Iran had a “co-ordinated” effort to develop technologies needed to make a nuclear bomb before 2003, the UN atomic agency said on Wednesday, but the research did not go beyond preliminary stages.
The International Atomic Energy Agency said that some limited research into nuclear weapons continued after 2003 but that there was no indication of any activity after 2009.
The conclusions were part of a long-awaited IAEA report into Iran’s past efforts to develop a nuclear weapon, which was one of the most controversial issues in the international negotiations that led to the July nuclear agreement with Iran.
The US welcomed the publication of the report, saying it would close the issue of Iran’s past weapons activities and allow the implementation of the July accord, which includes the lifting of some sanctions on Iran. The report’s conclusions are in line with longstanding US intelligence assessment that Iran did have a weapons research programme at one stage.
However, given Iran’s repeated denials about conducting any weapons research and given that the IAEA said Iran did not provide a full accounting on some of the questions it raised, the report is likely to spark renewed criticism from sections of the US Congress, where there is still strong opposition to the lifting of sanctions on Iran.
IAEA inspectors announced in 2011 that they had “credible” information to show that Iran had done research into nuclear weapons technologies — one of the revelations about Iran’s nuclear programme that helped build international support for a broad sanctions regime against the country.
A US intelligence assessment in 2007 concluded that Iran had halted its nuclear weapons programme in 2003, but that Tehran was still keeping its options open.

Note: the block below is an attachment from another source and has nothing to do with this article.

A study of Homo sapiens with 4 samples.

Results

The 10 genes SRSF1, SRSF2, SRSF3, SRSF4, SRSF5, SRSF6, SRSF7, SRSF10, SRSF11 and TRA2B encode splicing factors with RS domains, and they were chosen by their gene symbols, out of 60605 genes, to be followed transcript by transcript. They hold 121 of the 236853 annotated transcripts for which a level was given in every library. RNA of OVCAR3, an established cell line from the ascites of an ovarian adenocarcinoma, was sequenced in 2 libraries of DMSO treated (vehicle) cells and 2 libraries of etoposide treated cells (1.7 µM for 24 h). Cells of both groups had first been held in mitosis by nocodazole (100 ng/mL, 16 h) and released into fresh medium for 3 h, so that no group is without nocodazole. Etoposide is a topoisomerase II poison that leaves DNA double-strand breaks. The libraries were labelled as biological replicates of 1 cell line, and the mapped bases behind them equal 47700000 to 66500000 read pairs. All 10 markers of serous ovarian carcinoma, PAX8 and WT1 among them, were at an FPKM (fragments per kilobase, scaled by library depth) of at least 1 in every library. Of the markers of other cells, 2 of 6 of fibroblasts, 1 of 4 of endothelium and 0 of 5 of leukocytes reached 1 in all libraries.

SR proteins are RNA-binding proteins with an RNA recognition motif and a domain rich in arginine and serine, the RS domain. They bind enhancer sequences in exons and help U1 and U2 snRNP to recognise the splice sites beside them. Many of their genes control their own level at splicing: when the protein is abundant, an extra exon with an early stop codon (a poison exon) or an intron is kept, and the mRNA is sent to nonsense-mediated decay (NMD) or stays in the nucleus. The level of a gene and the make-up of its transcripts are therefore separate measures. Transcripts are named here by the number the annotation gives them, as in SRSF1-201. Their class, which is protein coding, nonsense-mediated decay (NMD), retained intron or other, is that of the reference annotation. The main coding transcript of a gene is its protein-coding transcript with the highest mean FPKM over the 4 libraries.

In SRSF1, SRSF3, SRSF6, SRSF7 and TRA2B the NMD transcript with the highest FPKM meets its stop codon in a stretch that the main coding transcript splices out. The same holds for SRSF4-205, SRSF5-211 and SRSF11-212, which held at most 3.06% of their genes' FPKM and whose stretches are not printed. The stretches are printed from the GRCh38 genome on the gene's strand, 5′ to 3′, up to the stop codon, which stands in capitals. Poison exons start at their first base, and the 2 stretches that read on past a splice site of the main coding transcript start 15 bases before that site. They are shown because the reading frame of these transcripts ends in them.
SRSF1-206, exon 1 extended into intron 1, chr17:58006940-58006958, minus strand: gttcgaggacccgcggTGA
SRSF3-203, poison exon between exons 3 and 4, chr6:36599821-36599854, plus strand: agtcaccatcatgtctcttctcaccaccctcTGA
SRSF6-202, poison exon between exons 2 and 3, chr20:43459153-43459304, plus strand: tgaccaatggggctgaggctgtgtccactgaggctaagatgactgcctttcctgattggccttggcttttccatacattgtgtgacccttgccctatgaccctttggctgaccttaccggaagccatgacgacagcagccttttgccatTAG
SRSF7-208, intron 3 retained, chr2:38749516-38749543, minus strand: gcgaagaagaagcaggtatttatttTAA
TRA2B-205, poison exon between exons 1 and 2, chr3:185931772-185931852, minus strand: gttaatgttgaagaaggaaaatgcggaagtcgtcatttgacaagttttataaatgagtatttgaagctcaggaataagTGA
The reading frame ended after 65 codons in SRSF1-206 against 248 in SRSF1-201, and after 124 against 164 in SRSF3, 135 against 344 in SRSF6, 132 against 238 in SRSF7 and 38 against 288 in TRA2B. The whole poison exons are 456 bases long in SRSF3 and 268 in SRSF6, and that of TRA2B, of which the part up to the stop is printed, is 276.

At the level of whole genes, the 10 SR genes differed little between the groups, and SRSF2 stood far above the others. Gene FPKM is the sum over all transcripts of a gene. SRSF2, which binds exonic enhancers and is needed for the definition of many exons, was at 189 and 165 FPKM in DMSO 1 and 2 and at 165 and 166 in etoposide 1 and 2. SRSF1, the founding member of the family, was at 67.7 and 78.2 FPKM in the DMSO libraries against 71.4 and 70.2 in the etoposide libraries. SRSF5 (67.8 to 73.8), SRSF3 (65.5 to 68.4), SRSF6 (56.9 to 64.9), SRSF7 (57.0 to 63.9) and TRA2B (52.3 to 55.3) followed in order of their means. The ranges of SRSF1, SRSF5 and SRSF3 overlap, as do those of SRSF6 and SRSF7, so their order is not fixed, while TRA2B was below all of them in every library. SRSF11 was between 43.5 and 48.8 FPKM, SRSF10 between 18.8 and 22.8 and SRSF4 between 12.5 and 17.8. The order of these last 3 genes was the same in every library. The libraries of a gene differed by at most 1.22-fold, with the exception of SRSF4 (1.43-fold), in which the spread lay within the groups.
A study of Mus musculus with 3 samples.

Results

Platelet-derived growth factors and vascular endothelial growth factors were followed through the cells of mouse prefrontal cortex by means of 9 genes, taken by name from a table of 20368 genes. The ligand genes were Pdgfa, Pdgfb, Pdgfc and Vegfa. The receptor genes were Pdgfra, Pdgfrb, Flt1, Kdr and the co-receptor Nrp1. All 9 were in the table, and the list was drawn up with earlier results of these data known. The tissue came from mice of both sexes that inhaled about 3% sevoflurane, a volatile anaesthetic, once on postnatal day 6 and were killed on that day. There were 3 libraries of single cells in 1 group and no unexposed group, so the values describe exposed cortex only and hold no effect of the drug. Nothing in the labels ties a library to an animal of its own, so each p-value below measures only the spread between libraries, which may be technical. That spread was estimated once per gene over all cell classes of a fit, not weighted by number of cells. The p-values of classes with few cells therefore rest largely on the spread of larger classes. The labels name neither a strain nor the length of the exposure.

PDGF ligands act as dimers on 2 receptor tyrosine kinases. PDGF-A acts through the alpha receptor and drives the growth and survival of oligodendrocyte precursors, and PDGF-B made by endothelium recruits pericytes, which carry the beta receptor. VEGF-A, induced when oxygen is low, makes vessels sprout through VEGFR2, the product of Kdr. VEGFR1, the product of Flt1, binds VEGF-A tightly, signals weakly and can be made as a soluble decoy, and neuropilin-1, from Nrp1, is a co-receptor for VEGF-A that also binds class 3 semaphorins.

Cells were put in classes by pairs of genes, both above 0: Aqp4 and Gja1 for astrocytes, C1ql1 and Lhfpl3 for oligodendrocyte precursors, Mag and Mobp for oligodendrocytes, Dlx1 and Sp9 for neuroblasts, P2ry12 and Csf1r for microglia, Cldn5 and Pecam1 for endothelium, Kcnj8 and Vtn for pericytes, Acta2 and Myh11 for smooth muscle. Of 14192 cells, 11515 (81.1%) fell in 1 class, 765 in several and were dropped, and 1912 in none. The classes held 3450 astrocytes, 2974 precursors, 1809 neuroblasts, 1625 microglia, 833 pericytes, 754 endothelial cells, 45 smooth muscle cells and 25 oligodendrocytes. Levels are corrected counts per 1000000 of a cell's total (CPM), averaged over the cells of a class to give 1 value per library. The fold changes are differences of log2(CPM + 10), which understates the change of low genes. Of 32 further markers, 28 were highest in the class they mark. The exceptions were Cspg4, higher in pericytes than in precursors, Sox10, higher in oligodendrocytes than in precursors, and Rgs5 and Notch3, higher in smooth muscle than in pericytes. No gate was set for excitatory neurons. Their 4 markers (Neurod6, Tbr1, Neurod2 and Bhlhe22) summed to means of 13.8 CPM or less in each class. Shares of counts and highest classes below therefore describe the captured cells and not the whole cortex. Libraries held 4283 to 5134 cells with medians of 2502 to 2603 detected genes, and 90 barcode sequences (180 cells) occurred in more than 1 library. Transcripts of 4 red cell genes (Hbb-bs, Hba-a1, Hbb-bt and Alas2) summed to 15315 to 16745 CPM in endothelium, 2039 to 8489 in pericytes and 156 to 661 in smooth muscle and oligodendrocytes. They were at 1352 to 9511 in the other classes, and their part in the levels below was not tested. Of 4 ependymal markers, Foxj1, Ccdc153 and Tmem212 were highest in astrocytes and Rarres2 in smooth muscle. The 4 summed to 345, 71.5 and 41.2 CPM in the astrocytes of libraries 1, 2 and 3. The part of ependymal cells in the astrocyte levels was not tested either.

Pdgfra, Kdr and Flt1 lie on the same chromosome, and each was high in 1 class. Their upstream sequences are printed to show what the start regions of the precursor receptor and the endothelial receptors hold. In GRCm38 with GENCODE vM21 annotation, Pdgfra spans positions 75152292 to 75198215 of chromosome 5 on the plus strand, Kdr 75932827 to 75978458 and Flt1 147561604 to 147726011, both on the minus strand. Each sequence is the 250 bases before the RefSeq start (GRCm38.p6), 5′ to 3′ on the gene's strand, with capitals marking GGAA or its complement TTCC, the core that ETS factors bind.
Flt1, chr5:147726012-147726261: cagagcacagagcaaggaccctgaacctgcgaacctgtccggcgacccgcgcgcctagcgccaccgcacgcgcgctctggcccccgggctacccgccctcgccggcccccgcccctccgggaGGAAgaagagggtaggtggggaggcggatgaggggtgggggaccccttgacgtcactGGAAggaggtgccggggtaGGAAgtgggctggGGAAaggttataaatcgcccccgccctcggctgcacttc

The new IAEA report says that the work done by Iran before 2003 was largely “feasibility and scientific studies and the acquisition of certain relevant technical competencies”. There was no evidence of any work done after 2009, it said.
Much of the controversy over the probe into Iranian research has centred on the Parchin military complex, where Iran allegedly built a large chamber to study aspects of a nuclear explosion and where it has been accused of trying to cover up the evidence. The IAEA said that it was difficult to verify what took place at the site because of “extensive activities” Iran had done there since 2012.
Mark Toner, a state department spokesman, said that the US and the other major powers involved in the Iran talks would now propose a resolution to the IAEA’s board to close the issue of Iran’s past weapons research. That would be one of the important steps in meeting the terms of the July deal, which could be fully implemented by early next year.
He said that Iran had co-operated adequately with the IAEA investigation and that the monitoring procedures under the July agreement provided “assurance that these types of past activities cannot occur again”.
Iran has pushed hard for the report to be the final word on its past weapons research. Abbas Araqchi, deputy foreign minister, said on Wednesday that “all measures over the past issues have completely concluded”.
David Albright at the Washington-based Institute for Science and International Security said the report broke little new ground given Iranian efforts to deceive inspectors.
“The truth of Iran’s work on nuclear weapons is probably far more extensive than outlined by the IAEA in this report,” he said in a statement. “The bottom line is that the IAEA’s investigation into the possible military dimensions of Iran’s nuclear programs . . . cannot be closed.”